People experiencing homelessness, in America, generally have access to more resources to those in Kenya.  Many of the larger cities in America even have entire homelessness initiatives to end homelessness (otherwise known as ‘functional zero’).  And better yet, some cities have even accomplished this goal!

 Especially in rural areas, like Bungoma, people experiencing homelessness have no access to shelters, food banks, clean water and so-forth.  Some religious groups will attempt to help the children experiencing homelessness with soap for bathing in the river and food on Sundays but aid to those without homes is not easily accessible.

2.       Reasons for Homelessness

Homelessness in America can be caused by a variety of situations.  The most common are: physical health issues, mental health issues, substance abuse issues and loss of employment.  However, we often see that the main reason stay homeless is a lack of a support system. 

 The causes of homelessness for the kids we interact with on the street are often much different.  You may be thinking that the main reason for childhood homelessness is the direct result of the AIDS epidemic.  However, this is only partially true.  Yes, we have met some children who have lost both of their parents to AIDS, but it is not the most common reason we see. 

 Land is an important asset in Kenya.  It’s passed down from generation to generation and has ultimately resulted in making it difficult to find open plots of land (for things like say, a landfill – perhaps more on that a different day).  With many people choosing to re-marry after divorce or the death of a spouse, blended families are becoming more common.  It is customary for a man’s land to be passed down to his direct kin, in birth order.  When a woman whom already has children marries a man and enters his home, her children have no right to her now husband’s land.  Therefore, it has been the case of many of our children that the new step-mother forces her husband’s children out of the home, with the hopes that her children will now inherit the land.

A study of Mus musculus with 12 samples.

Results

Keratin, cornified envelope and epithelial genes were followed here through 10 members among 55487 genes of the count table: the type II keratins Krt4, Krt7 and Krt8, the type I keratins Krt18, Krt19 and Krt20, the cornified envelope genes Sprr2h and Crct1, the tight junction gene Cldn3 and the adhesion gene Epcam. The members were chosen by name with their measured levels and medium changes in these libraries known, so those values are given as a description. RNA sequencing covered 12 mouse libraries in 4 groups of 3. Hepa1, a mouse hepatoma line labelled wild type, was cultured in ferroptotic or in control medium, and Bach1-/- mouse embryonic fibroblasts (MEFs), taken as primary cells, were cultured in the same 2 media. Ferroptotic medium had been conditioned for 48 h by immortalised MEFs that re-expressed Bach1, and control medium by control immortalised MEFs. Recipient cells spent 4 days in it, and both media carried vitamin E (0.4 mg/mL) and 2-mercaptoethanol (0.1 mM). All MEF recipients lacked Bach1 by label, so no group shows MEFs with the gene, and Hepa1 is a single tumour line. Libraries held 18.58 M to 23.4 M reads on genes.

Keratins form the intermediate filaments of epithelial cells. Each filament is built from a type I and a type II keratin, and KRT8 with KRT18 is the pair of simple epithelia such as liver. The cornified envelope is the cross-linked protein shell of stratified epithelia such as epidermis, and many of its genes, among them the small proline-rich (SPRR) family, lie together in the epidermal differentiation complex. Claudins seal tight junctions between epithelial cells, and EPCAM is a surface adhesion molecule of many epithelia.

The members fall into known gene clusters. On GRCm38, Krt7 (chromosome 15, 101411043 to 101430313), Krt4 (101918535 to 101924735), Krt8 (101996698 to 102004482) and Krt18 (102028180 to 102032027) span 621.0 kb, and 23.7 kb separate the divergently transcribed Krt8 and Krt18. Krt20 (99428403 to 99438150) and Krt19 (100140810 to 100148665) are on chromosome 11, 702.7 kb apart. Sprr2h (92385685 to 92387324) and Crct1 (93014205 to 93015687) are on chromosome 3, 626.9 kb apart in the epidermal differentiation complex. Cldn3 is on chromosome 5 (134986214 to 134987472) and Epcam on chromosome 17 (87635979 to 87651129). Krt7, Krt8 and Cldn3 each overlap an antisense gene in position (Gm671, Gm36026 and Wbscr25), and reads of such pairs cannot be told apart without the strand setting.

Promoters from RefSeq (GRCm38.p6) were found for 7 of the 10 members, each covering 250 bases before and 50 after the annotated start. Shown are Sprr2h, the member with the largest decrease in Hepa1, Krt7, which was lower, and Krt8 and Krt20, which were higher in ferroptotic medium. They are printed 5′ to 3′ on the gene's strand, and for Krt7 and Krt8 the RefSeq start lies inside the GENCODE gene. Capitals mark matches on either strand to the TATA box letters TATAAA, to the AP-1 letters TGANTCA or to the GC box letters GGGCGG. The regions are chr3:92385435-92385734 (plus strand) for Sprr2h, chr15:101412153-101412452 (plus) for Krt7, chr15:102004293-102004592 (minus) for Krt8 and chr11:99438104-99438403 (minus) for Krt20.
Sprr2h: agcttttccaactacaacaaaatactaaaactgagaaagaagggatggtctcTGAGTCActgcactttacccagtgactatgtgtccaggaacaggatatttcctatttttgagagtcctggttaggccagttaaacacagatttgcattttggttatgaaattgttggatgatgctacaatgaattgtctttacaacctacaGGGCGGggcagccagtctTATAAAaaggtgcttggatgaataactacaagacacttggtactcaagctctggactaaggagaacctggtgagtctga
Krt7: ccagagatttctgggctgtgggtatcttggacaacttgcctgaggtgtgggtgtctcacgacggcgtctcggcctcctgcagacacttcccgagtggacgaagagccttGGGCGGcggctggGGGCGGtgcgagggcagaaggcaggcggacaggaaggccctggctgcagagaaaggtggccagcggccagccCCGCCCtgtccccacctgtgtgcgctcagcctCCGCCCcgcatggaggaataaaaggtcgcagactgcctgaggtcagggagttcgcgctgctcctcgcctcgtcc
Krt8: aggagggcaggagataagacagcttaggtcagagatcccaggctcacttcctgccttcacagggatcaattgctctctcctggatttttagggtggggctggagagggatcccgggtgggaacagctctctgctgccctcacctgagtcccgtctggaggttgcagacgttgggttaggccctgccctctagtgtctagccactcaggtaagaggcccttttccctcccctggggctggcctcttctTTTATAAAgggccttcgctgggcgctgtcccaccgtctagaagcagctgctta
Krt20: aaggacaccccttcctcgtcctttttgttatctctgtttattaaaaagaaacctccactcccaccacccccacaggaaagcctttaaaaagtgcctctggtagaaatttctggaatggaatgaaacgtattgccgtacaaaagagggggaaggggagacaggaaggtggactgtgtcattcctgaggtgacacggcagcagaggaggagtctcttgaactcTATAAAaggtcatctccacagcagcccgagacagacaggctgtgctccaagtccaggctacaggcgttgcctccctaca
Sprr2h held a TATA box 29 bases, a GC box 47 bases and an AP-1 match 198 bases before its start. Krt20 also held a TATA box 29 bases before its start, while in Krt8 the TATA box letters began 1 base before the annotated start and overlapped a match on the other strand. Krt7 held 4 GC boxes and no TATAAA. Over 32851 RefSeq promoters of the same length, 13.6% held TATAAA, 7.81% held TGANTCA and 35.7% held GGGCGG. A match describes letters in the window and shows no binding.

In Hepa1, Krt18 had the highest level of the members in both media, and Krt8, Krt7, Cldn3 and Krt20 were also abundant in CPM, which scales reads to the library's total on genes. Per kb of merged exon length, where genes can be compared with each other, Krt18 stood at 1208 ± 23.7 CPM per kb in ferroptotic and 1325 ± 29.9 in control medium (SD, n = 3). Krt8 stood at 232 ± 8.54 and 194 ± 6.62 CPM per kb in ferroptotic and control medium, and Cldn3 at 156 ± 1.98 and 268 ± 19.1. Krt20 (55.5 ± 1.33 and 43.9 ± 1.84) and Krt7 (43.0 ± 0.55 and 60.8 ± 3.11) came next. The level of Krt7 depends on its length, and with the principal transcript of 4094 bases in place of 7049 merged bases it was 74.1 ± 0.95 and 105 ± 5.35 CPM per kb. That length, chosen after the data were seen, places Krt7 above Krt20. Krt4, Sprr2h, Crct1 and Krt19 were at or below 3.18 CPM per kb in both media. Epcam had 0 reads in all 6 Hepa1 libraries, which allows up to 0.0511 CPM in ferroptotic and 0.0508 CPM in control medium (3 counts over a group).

3.       Stigma

What are the typical stereotypes you hear in America?  The homeless are just lazy.  Why don’t they just get a job?  They just want money to get high or drunk.

Now imagine that same sort of stigma with children.  Hard, right?  But that is the exact same type of thoughts many people have regarding the kids living on the streets of Bungoma.  The children are often beaten on the streets by passerby’s, store owners, the police and other children. Many schools also will not accept the children on the streets to not enter school and the government has even go so far as to put up billboards urging people to not help the “street children”.

4.       Government Involvement

America has an entire office of the government, Housing and Urban Development (HUD) that provides funding towards assisting the homeless population.  HUD allocates funding to Continuums of Care (CoCs) throughout the nation.  For example, I currently work within the Metropolitan Denver CoC, one of the largest in the nation, with an estimated homeless population of 5,506.  This CoC is compromised of 7 counties.  HUD allocates funding to our CoC, who then allocates that money, through grants, to organizations in the 7 counties working towards ending homelessness.  Organizations who are a part of this CoC apply for the grants and if awarded, are heavily monitored to ensure the funds are being used properly.

 Pop over to Kenya and things are a little different.  Coming across government funding is few and far between.  In Bungoma, most homelessness services are funded by local church groups, often with monetary ties to developed countries.